The Boulet Brothers' Dragula

Trixie Mattel once said in a video on her channel (the one where she gets into drag with Hungry, of Björk collab fame) that traditional drag was “weird” for the sort of rich dudes who go on gay cruise ships. This despite the incredible popularity of Rupaul's Drag Race, which in the last few years has shot drag culture into the mainstream! But drag can get so much weirder than just cross-dressing, as Hungry’s surreal, species-blurring make-up work demonstrates.

That isn’t to say that traditional drag – that is, female or male impersonation as a form of entertainment, typically but by no means exclusively by cis gay men and women respectively – isn’t subversive. But even queens and kings who did drag before it was cool – hell, before homosexuality was legal – don’t necessarily see it that way. In PS. Burn this letter, please, a documentary about NYC’s drag underground in the 50s and 60s, many of the people interviewed who performed at the time described it as a sort of calling – something that they just had to do, regardless of the risk (and there was plenty of that). Making a political statement is sometimes secondary (at most) to self-expression.

Traditional drag probably means something a little different to everyone who performs and enjoys it, and I have no doubt that there’s loads of great academic literature out there on the subject, but to me, it's always been a playful mockery of straight society’s reductive ideas about us – that gay men are just like straight women and lesbians are just like straight men – and the implication that cisnormative behaviour is “natural”. But what about the further implication that any non-cisnormative behaviour is unnatural? Can the notion that queer people are a threat to normality be played with on stage?

Enter The Boulet Brothers’ Dragula, a horror drag competition going into its 5th season next year.

I initially found Dragula while doing research for my Nosferatu zine (Queer and Unnatural Vol. 1, coming someday) and gave it a try expecting like, just some spooky looks. While it definitely delivers on that, I was delighted to find that the show’s creators went deeper, making it a space to explore queer monstrosity through the art of drag. The Boulet Brothers have stated in interviews that the weirdo punk performance art drag they used to see when they started out has given way to more traditional stuff (likely due to Drag Race’s influence on audiences’ expectations), so Dragula is their way of bringing that political and experimental spirit back. Diversity isn’t just welcome, it’s expected and celebrated; last season’s winner is a genderqueer drag performer (Dahli) and the previous winner is a drag king (Landon Cider). The core tenets of the Brothers’ vision are glamour, filth and horror; within those parameters, the show’s contestants can be and do just about anything. It’s just so refreshing and exciting to see what these amazingly clever, creative, weird, and passionate people can do with make-up, costumes, and a good prompt.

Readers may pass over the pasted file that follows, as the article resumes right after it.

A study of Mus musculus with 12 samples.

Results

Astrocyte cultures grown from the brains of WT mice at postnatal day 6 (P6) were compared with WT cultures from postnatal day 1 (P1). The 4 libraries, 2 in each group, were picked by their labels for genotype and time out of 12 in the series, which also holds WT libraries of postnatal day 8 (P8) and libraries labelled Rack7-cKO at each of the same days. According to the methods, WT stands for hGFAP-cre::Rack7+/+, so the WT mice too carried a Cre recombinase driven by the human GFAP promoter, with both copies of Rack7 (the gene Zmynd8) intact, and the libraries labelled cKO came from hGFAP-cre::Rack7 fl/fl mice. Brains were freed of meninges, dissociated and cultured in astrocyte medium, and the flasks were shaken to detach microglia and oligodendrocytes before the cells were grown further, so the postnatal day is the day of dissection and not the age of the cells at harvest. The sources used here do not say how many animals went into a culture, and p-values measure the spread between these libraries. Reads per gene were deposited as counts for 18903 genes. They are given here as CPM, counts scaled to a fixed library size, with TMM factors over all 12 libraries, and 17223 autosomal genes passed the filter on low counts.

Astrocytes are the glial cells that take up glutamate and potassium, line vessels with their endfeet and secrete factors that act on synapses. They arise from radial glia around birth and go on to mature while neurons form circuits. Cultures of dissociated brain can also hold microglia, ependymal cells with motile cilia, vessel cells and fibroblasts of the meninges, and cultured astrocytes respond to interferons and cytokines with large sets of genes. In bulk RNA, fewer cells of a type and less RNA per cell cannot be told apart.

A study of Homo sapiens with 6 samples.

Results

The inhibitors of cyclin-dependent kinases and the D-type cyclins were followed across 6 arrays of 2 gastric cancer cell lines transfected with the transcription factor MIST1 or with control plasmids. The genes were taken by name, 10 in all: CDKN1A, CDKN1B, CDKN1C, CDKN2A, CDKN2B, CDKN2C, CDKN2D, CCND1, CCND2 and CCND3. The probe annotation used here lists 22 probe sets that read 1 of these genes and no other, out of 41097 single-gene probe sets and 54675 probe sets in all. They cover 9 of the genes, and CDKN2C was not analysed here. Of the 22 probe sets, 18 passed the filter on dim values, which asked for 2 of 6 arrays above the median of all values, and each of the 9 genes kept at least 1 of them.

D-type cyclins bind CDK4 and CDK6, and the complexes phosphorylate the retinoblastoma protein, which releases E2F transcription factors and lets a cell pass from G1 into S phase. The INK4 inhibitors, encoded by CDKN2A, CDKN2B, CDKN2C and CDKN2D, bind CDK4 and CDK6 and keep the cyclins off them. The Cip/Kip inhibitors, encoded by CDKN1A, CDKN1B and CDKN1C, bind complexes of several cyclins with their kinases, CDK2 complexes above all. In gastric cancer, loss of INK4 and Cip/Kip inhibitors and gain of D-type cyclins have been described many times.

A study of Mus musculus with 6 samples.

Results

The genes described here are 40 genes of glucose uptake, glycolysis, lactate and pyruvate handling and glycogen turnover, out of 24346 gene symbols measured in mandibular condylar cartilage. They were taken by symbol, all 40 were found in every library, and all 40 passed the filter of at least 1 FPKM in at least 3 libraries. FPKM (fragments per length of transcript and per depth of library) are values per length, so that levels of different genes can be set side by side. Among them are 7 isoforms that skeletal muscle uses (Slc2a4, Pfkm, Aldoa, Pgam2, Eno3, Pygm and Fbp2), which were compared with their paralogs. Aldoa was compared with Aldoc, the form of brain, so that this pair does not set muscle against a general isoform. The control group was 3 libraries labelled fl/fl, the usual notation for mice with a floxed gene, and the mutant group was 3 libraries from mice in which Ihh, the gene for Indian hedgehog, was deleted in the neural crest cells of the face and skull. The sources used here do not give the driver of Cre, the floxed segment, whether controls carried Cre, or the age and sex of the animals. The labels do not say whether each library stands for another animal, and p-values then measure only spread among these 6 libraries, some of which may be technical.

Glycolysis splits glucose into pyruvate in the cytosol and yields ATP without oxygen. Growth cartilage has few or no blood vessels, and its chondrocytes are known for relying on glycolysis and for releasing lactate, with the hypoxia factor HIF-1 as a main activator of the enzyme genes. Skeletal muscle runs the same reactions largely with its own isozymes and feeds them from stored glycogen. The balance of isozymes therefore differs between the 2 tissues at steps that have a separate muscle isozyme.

It's also kinda fun to see the contestants struggle through the Fear Factor-style extermination challenges. Oh, and the little horror film vignettes that bracket the episodes are great - shout out to that one leather dude who seems to get maimed or murdered in all of them! What a good sport.

I’ve only got one complaint about Dragula. Regular Drag Race viewers may think it no obstacle, but I found the “drama” that takes up like half of the show’s airtime so contrived, uninteresting and uncomfortable. I literally just skip to the floor show segments. It’s too bad because occasionally the contestants will tell interesting anecdotes about themselves, but it’s always sandwiched between heavily edited “fights” and emotional breakdowns that feel voyeuristic to watch. But that’s Entertainment, I guess.

This is the Dragula clip I found when I was scouring the web for Nosferatu-inspired drag looks lol

If Dragula sounds like something you’d be into, got to my kitchen page and click the button at the bottom! And if you wanna talk about how hot Landon’s werewolf leather daddy look from season 3 was, drop a comment below!